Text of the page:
Before Stephen Hawking was synonymous with genius, he was an astrophysics student at the University of Cambridge. There, he began thinking about black holes, a path of inquiry which would eventually lead to a career as perhaps the greatest mind in a generation. It also led to The Theory of Everything, a dramatic adaptation of Hawking’s life, released in 2014. Hawking’s work, along with colleagues all over the world, has revealed a cosmos filled with endlessly hungry gravity wells whose numbers nearly rival the stars themselves.
It’s believed there are supermassive black holes at the heart of every galaxy, an incredible point of intense gravity around which the galaxy spins. In recent years we have succeeded at imaging some of those black holes, confirming they are right where we expected them to be. There is, however, another kind of black hole which is more difficult to find. Scientists estimate there are 100 million stellar mass black holes, with masses between five and 100 times that of our Sun, populating the Milky Way alone, but they are incredibly difficult to find.
Most of the stellar mass black holes we have detected so far are in the process of consuming nearby companion stars. The light from these destructive close proximity relationships lights up the sky with X-ray light, making them easier for our telescopes to see. Black holes not in the process of filling their endless maws are effectively invisible, except for the ways their gravitational influence distorts the space around them. Recently, scientists pinpointed the location of one of these dormant stellar mass black holes and it’s closer than any black hole we’ve ever found before.
An international team of astronomers used combined data from the European Space Agency’s Gaia spacecraft and ground based telescope observations to closely measure the gravity around a star roughly 1,600 lightyears away and found a black hole hiding nearby. Their findings were published in the Monthly Notices of the Royal Astronomical Society.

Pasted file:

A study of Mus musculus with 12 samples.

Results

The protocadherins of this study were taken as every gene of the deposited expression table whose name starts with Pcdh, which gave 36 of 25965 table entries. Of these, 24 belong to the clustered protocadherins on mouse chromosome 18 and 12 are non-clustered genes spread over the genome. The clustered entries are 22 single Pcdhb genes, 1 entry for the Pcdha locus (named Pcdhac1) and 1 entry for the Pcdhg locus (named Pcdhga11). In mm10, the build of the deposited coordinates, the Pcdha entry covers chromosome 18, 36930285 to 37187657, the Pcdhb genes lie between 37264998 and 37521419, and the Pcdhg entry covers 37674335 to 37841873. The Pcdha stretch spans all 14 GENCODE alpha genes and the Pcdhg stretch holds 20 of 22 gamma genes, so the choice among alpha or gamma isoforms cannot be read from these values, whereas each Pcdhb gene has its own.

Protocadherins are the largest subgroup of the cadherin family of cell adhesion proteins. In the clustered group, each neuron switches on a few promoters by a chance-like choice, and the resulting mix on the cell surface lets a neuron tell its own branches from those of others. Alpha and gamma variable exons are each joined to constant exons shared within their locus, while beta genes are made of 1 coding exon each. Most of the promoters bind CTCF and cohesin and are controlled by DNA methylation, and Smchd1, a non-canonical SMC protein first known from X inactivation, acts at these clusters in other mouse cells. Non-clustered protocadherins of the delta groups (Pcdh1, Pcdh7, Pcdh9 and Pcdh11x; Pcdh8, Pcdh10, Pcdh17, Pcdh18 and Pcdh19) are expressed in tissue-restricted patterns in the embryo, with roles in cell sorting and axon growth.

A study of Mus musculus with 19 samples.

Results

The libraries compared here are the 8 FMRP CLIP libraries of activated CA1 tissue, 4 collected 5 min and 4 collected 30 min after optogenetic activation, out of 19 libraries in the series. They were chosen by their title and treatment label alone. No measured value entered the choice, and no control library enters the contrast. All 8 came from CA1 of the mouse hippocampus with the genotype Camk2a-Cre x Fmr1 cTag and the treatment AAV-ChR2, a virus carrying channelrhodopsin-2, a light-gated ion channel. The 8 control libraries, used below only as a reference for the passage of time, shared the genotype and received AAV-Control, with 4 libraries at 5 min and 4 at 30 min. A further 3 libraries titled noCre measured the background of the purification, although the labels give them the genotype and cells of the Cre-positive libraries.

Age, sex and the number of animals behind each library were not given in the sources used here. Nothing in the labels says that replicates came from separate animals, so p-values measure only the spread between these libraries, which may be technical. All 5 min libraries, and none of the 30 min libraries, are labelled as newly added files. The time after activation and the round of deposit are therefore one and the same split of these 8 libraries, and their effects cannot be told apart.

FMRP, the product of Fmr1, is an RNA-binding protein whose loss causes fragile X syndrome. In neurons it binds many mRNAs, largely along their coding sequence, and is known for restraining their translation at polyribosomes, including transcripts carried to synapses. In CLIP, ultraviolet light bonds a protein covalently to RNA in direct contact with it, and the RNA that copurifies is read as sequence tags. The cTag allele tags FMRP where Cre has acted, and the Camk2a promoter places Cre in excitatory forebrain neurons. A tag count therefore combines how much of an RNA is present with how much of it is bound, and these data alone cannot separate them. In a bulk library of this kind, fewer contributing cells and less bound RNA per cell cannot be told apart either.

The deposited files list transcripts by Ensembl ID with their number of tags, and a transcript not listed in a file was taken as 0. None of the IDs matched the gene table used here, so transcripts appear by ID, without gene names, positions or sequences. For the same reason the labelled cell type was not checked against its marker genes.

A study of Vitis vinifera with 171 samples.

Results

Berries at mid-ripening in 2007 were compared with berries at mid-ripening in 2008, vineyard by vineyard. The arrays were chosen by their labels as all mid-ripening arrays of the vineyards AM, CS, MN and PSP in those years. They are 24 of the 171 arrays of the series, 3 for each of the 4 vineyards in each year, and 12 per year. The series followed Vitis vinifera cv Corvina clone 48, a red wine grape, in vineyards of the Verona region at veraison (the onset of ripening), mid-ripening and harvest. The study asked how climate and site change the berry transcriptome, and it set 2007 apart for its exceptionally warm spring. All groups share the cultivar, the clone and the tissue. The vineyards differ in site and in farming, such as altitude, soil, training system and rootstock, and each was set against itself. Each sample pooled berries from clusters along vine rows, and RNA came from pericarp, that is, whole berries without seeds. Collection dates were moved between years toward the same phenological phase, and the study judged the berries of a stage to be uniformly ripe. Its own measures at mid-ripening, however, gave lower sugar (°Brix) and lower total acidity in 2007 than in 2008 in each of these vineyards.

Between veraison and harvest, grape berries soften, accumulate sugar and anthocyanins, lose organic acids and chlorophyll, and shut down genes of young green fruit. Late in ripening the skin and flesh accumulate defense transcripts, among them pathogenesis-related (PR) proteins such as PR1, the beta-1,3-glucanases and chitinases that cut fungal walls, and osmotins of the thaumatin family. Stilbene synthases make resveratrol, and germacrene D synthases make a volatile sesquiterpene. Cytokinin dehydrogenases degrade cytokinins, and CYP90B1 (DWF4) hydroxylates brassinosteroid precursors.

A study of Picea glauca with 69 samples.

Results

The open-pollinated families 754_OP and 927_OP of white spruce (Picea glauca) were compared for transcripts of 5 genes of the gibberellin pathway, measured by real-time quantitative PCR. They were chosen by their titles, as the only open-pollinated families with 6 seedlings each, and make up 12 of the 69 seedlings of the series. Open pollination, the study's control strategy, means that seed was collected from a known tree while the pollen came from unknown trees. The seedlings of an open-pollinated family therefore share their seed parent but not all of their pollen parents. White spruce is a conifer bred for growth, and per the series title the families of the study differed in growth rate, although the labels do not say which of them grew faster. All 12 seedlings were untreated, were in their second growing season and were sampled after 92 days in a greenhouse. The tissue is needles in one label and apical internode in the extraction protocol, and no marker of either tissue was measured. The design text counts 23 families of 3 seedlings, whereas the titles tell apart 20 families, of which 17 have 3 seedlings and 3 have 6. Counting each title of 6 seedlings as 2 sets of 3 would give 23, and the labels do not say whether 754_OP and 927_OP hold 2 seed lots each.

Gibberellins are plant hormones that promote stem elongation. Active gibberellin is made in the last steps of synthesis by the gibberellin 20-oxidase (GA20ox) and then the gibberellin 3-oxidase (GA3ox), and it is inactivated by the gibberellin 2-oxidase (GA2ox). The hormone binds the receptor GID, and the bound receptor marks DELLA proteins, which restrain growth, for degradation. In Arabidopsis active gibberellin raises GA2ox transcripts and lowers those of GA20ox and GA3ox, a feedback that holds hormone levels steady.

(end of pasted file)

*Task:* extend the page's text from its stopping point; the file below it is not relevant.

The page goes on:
Researchers started their search by scouring the data collected by Gaia. During its mission, it has mapped the positions, speeds, and trajectories of roughly 2 billion stars in our own galaxy. While looking at the Gaia data, researchers noticed small irregularities in the movements of a star 1,560 lightyears away in the constellation Ophiuchus, which suggested the presence of something massive but invisible nearby. They then studied the star more closely using ground based telescopes in Hawaii and Chile.
The combination of data confirmed the presence of an unseen object about 10 times the mass of the Sun near the target star. In fact, the distance between the star and the black hole is about the same as the distance between the Earth and the Sun. “Take the Solar System, put a black hole where the Sun is, and the Sun where the Earth is, and you get this system,” said Kareem El-Badry, the paper’s lead author, in a statement. This discovery is the first confirmed observation of a dormant stellar mass black hole which would make it notable all on its own, but its position less than 1,600 lightyears away also places it about three times closer to Earth than the previous proximity record holder. That’s still plenty far away for us not to worry about it, at least in the foreseeable future.
It’s likely the black hole, dubbed Gaia BH1, was formed by the death of a star 20 times the mass of the Sun or more. These kinds of stars are short lived, their fuel burns bright, hot, and fast, and they die young, usually after only a few million years. For comparison, our Sun is believed to be about 5 billion years old and it’s only middle aged.
Their short stellar lives are a tradeoff for a second life as a black hole, and that life is much longer. Scientists believe that the end stages of the universe will begin with the deaths of the black holes. That death is in progress right now, but it will take an incredibly long time. Slowly but surely, black holes radiate energy away and lose mass. That radiation, appropriately enough, is called Hawking radiation.
In the universe’s distant future, after the stars have gone cold and the cosmos has fallen into true darkness, the black holes will begin to die. With nothing left to consume, no way to refill their larders, their mass will evaporate away until they fizzle out of existence. Even for a black hole like Gaia BH1, which is small compared to the supermassive black holes in the centers of galaxies, and which isn’t bothering to gobble up the food source nearby, that evaporation will take longer than the universe has existed. For all intents and purposes, we’re stuck with black holes, and it’s nice to know we’re getting better at finding them.